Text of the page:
In The Tempest, what is Prospero's real title and how did he lose it?
Prospero, in Act I scene 2, finally tells Miranda the truth about his own identity and past and who she really is. He reveals to her that he was not born on the island and that both of them have a different home, one where Prospero enjoys a position of some power and prestige, as he discloses to Miranda in the following lines:
Thy mother was a piece of virtue, and
She said thou wast my daughter; and thy father
Was Duke of Milan; and thou his only heir
And princess no worse issued.
He goes on to explain that, although he once was the Duke of Milan, he managed to lose his title when he cloistered himself away from the world to study his magic arts and gave the power he had to his brother, Antonio, to rule and manage his estate. Although Prospero did not yield him the title, what Antonio did was to use the powers that he was given to create allies and support for himself so that he was eventually able to oust his brother and exile him from his former kingdom and territory, and seize the title that was his brother's for his own. This is why Prospero ended up on the island with his daughter and she has experienced such a different childhood from the one that she would have enjoyed had her father not been exiled.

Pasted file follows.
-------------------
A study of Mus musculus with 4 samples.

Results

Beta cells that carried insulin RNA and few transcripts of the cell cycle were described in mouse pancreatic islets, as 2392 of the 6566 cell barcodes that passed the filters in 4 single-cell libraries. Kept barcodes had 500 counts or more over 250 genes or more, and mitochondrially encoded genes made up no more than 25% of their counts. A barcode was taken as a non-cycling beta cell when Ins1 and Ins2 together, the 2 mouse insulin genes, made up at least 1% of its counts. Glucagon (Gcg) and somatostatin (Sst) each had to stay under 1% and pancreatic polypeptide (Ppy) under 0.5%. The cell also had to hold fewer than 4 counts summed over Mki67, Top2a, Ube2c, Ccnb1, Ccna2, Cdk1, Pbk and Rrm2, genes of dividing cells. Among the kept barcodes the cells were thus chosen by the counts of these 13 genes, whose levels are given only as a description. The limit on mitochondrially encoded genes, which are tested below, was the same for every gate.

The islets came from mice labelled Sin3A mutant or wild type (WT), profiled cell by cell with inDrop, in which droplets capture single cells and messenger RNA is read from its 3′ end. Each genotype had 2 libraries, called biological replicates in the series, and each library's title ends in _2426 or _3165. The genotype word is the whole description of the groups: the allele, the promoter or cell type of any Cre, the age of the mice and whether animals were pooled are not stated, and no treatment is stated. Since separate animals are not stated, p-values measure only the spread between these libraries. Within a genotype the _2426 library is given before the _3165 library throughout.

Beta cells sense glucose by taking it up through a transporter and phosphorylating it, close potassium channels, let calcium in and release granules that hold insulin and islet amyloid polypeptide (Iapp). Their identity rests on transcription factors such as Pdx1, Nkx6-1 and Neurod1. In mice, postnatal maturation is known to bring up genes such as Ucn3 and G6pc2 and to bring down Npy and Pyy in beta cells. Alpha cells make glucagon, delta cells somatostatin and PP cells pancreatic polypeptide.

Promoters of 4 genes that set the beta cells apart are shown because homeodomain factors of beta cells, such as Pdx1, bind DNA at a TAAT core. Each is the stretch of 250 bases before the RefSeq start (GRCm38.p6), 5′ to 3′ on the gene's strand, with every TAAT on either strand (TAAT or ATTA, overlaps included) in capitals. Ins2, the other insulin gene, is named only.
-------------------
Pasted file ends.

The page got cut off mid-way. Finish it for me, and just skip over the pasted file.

In "The Tempest", Prospero's title was Duke of Milan. His title was usurped by his brother, Antonio, while Prospero was absorbed in his study of magic. He and his daughter, Miranda, were sent out on a wrecked boat to their death. They survived by landing on an island.
In "The Tempest", Prospero uses magic to enchant his daughter, Miranda, to fall in love with Ferdinand. Under Ariel's enchantment, Miranda falls in love with Ferdinand. It is part of Prospero's plot to reclaim his power in Italy to have Ferdinand fall in love with Miranda. Ferdinand becomes Prospero's servant due to his infatuation with Miranda. Eventually, Prospero considers Ferdinand worthy and approves the engagement. In the end, Miranda and Ferdinand end up together, bound by their mutual infatuation.